The first reported case of LockerGoga was in January on the French engineering consulting firm Altran, and since then many other cases have been reported including big-name firms like Norsk Hydro, Hexion and Momentive. While researchers are still analyzing details of these attacks, it appears LockerGoga has been used for very targeted cases in the manufacturing and industrial space, however, variations have been seen in other industries as well.
In one of the recent incidents, LockerGoga gained control of actual physical equipment – which is a scary concept that could inflict serious harm on machine operators. In other recent cases, a firm was forced to move production environments into manual mode, while another led to global shutdown costing $40 million in just one week, as it still struggles to recover operations.
It is not yet known how intruders gained initial access to these large corporations, but cybersecurity experts suspect it was done through spear phishing tactics or brute force.
Evidence suggests that once intruders get an initial foothold, they use common hacking toolkits to move to other computers on the network, including exploit programs which pull traces of passwords out of the memory of Windows machines providing access to more privileged accounts. LockerGoga appears to be a much more manual attack than past ransomware incidents we've seen, and does not appear to have worm-like capabilities to cause widespread chaos like its WannaCry and Petya predecesors.
As these hackers continue to advance through the network and move up the chain to obtain a network's highest privilege "domain admin" credentials, they gain access to administrative tools such as Microsoft's Active Directory to plant their ransomware on targeted machines across the entire system. That code is signed with stolen certificates that make it look legitimate. And before running their encryption code, the hackers use a "task kill" command on target machines to disable their antivirus. Both of those measures have made antivirus particularly ineffective against the subsequent infections. Here is an example of the note left behind by the hacker:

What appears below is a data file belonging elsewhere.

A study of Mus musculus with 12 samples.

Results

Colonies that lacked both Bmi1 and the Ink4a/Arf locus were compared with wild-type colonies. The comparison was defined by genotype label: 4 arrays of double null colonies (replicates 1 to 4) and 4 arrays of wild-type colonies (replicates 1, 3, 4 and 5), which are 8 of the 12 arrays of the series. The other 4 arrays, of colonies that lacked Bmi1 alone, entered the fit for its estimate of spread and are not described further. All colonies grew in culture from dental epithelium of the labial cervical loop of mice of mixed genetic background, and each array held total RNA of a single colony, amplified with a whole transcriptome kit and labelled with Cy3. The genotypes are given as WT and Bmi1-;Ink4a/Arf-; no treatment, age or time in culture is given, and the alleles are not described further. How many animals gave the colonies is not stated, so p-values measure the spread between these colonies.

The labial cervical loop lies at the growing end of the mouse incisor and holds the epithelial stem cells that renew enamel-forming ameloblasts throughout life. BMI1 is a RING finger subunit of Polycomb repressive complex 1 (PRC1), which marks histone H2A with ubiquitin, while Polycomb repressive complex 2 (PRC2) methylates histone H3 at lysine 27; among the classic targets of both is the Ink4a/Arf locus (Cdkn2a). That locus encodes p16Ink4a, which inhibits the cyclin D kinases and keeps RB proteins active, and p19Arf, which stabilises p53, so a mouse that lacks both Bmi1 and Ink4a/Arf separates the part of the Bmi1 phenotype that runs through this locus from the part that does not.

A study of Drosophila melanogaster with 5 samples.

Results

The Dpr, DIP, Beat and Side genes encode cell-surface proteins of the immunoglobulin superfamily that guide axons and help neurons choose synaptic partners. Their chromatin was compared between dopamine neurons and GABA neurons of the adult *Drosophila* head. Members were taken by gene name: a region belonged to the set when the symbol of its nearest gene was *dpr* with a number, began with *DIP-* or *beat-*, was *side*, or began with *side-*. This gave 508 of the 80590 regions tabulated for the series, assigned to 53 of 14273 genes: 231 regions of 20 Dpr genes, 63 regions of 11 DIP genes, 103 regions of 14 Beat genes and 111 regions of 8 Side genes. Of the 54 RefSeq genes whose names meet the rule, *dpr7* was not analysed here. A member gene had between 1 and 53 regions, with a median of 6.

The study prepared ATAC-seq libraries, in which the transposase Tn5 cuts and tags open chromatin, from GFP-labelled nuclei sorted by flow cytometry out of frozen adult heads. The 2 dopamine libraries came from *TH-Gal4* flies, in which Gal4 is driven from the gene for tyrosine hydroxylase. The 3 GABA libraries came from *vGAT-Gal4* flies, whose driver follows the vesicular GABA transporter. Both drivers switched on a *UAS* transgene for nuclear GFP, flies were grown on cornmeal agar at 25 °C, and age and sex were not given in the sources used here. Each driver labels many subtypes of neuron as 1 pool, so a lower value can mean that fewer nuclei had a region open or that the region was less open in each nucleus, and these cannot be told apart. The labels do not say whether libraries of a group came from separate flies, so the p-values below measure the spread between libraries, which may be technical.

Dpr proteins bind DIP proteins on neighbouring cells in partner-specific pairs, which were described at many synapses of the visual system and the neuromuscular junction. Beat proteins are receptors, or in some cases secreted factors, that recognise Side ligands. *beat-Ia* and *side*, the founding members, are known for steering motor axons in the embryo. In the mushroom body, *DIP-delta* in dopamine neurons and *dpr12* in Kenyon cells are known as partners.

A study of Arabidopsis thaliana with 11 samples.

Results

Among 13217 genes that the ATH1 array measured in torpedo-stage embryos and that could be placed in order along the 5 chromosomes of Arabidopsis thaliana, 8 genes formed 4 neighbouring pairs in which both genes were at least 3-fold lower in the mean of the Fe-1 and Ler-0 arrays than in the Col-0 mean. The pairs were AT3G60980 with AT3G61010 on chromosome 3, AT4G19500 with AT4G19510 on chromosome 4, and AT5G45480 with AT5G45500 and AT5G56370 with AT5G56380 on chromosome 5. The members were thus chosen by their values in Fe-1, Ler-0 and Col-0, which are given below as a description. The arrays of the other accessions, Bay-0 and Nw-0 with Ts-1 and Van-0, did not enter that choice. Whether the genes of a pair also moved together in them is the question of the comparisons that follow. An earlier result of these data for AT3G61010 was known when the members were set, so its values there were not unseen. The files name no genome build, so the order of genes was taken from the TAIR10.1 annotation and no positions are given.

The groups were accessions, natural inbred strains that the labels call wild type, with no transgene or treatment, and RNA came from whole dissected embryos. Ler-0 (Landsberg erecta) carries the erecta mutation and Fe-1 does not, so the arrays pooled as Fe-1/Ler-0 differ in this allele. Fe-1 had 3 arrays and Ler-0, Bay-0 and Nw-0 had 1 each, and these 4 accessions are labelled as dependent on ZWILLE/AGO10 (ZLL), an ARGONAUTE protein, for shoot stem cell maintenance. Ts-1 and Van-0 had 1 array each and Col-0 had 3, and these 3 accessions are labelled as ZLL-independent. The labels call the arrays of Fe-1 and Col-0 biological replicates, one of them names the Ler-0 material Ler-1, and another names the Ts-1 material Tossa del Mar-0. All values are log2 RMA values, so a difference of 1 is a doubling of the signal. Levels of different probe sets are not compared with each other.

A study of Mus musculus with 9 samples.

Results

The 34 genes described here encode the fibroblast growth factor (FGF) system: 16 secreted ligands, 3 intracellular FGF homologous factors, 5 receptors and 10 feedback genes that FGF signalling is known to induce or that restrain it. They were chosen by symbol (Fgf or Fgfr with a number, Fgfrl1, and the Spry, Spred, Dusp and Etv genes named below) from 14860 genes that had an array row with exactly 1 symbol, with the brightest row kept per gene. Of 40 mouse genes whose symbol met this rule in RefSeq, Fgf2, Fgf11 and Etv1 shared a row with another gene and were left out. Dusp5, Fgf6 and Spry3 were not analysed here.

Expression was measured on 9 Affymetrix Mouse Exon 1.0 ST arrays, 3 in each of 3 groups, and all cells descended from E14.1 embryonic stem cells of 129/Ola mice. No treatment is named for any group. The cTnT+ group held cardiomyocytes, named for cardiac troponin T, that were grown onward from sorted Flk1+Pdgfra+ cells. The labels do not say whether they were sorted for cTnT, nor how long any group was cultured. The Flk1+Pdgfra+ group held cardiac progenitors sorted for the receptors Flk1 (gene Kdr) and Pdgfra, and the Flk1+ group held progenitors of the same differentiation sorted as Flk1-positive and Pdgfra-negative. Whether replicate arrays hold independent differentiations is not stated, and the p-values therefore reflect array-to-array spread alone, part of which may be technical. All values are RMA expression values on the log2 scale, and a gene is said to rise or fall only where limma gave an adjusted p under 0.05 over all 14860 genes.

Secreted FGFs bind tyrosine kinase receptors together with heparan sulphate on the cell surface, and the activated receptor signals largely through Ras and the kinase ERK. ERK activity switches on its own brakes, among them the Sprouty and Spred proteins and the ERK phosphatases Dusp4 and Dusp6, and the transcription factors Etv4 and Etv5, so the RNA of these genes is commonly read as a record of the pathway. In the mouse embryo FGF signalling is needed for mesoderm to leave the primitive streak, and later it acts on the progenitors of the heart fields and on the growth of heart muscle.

A screenshot of the ransom notice displayed on a Momentive laptop. Image: Motherboard
The note doesn't name a ransom price but instead provides email addresses, demanding the victim contact the hackers to negotiate a bitcoin sum for the return of their systems, which according to FireEye are typically in the hundreds of thousands of dollars. In the latest version of this malware that researchers have analyzed, LockerGoga goes further still: it also disables the computer's network adapter to disconnect it from the network, changes the user and admin passwords on the computer, and logs the machine off.
The most important proactive step an organization can take for ransomware is user education, and of course it’s critical to have the ability to recover from your backups. Ensure that you’re using a backup system that allows multiple iterations of the backups to be saved and stored offline, in case the backups include encrypted or infected files. Routinely test backups for data integrity and to ensure you can recover from them.